SPRING HILL — Both Explorer K-8 and its principal, Dominick Ferello, are new to Hernando County. And both are just about ready for the swarm of students heading their way.
"I never thought in my dreams I'd get a brand-new school," Ferello said, recalling his interviews in the spring for a principal's position in the Hernando County School District. He came aboard in February after serving as a school administrator in Broward County.
"This is the culmination of a career,'' he said. "I consider this a gift, to open this."
Before the doors open to students on Aug. 18, Ferello said there are "standard housekeeping things," to do, such as scheduling and making sure the facility is ready.
Ferello will have a varied population of students from kindergarten to eighth grade. Explorer K-8 will be also house the Quest Academy for Gifted Education, a center school for exceptional student education, including profoundly mentally disabled and medically fragile students, as well as the district's gifted students, and a home for the neighborhood's general education students.
"What a great place for a student to develop an understanding of diversity," he said. The school is a "microcosm of the world."
The $54.8-million facility off of Northcliffe Boulevard is huge, measuring 295,000 square feet. From one end to the other, Ferello said, it's a quarter-mile.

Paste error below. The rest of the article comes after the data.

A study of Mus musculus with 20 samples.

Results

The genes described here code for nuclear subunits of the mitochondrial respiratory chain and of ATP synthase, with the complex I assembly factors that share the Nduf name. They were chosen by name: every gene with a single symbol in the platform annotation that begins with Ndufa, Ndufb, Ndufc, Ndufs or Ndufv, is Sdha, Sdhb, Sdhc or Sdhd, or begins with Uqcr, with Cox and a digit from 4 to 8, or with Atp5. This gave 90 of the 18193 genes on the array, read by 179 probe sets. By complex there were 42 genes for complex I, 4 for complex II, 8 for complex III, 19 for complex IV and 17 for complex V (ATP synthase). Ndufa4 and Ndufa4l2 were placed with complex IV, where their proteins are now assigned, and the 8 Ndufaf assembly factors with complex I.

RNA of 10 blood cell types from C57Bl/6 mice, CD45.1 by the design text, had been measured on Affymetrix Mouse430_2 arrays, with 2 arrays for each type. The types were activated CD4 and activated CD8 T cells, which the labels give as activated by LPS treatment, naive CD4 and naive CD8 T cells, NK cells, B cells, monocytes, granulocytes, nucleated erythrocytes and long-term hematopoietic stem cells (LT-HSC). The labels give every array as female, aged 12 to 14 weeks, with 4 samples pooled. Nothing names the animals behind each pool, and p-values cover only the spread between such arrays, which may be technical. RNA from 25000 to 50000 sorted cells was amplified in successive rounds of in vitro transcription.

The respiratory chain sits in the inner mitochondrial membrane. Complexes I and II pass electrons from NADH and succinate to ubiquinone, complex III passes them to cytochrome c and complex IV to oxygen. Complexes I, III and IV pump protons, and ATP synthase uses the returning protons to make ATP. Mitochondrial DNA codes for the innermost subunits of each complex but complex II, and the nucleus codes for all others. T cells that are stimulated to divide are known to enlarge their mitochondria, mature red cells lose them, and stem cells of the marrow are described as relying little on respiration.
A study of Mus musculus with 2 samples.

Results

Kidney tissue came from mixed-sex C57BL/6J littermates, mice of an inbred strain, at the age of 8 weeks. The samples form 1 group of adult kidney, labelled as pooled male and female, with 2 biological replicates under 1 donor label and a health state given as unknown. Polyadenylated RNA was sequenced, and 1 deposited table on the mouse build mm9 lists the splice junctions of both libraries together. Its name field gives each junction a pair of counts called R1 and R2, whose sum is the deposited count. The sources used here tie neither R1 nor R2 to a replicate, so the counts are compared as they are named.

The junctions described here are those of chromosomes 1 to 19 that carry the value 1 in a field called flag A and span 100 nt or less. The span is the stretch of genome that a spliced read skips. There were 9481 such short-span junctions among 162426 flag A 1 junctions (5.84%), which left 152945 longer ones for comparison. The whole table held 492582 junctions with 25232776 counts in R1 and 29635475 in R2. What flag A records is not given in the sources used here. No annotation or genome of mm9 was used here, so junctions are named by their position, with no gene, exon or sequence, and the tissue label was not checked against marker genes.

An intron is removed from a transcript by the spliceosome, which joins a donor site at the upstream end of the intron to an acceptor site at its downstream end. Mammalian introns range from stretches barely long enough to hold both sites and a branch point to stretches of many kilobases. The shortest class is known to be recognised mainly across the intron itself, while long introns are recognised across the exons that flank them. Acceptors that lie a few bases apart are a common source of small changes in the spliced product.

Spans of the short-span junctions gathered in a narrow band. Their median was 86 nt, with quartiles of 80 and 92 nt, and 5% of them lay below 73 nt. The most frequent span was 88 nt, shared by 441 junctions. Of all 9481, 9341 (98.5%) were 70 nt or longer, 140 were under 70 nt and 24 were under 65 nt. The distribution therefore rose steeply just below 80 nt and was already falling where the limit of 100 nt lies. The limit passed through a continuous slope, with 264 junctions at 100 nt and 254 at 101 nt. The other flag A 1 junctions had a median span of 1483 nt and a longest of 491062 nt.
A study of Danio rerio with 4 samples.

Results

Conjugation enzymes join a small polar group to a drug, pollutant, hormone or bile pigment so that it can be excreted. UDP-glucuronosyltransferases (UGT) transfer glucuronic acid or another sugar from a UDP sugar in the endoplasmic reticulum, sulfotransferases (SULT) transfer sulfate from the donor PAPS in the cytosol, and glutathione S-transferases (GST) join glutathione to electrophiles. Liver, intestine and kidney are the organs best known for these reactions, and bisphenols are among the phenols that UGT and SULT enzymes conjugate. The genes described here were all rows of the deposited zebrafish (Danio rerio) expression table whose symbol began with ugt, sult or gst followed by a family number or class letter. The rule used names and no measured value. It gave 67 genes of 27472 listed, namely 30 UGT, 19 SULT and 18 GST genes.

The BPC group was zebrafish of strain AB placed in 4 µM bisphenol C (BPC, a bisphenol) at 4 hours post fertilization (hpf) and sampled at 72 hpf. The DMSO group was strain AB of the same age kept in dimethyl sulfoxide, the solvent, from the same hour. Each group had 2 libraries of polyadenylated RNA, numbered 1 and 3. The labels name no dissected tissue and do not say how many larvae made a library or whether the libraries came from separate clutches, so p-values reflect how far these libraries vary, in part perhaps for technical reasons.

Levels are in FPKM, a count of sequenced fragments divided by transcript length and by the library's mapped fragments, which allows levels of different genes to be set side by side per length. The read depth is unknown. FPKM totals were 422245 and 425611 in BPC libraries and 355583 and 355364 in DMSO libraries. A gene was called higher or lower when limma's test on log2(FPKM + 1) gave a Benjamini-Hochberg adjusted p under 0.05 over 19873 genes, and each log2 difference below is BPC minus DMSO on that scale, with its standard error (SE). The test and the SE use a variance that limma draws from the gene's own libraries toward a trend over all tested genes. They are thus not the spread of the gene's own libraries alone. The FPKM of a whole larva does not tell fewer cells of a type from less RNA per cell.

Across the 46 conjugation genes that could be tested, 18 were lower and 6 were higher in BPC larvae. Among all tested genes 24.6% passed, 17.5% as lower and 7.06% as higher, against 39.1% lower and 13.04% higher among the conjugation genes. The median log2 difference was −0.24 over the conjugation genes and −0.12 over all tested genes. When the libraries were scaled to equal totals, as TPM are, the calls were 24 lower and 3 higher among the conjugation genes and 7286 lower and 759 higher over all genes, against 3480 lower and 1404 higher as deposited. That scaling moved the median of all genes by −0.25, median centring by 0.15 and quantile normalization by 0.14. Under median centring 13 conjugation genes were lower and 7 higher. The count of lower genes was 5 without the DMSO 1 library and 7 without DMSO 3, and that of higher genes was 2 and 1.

He is trying to keep movement to a minimum. He has kindergarten through second grade on the first floor of one side of the school. Third and fourth grades will be on the second floor of the same side of the building.
Fifth grade will be on the first floor at the school's opposite end. Ferello said he would ease sixth-graders into middle school with only two class changes. They will be on the second floor above the fifth-graders. This end of the school has a third floor, which will house the seventh- and eighth-graders.
Ferello has a faculty of about 100 teachers and expects them and the administrators to contribute to the school's reading success. During morning reading time, he plans to provide extra doses of reading to students by utilizing special teachers, physical education teachers, assistant principals and guidance counselors. He intends to do the same thing. Ferello has a reading education background.
"I hired a staff that's committed to being part of this team," he said. "I'm just expecting all teachers to be reading teachers."
One of the challenges Ferello said he faces is maximizing space. "Even though this is huge, 1,800 kids are coming here," he said. The classrooms are big, so he will have some team teaching going on.
Another issue is traffic control, especially the first week of school when he expects more parents to bring their children to school rather than have them ride the buses. He asks that parents allow for extra time and to please be patient.
Ferello's vision for Explorer K-8 is to make the school "a place where all stakeholders are involved in decision making. I want community, staff, parents, children and business partners (involved) so that everybody has a sense of buying in."
In determining a theme for the school, Ferello came up with one idea and invited teachers to work with it. Finally, Ferello said, one of the teachers offered, "Explore today. Conquer tomorrow."
That was it.
"Kids will remember that," Ferello said.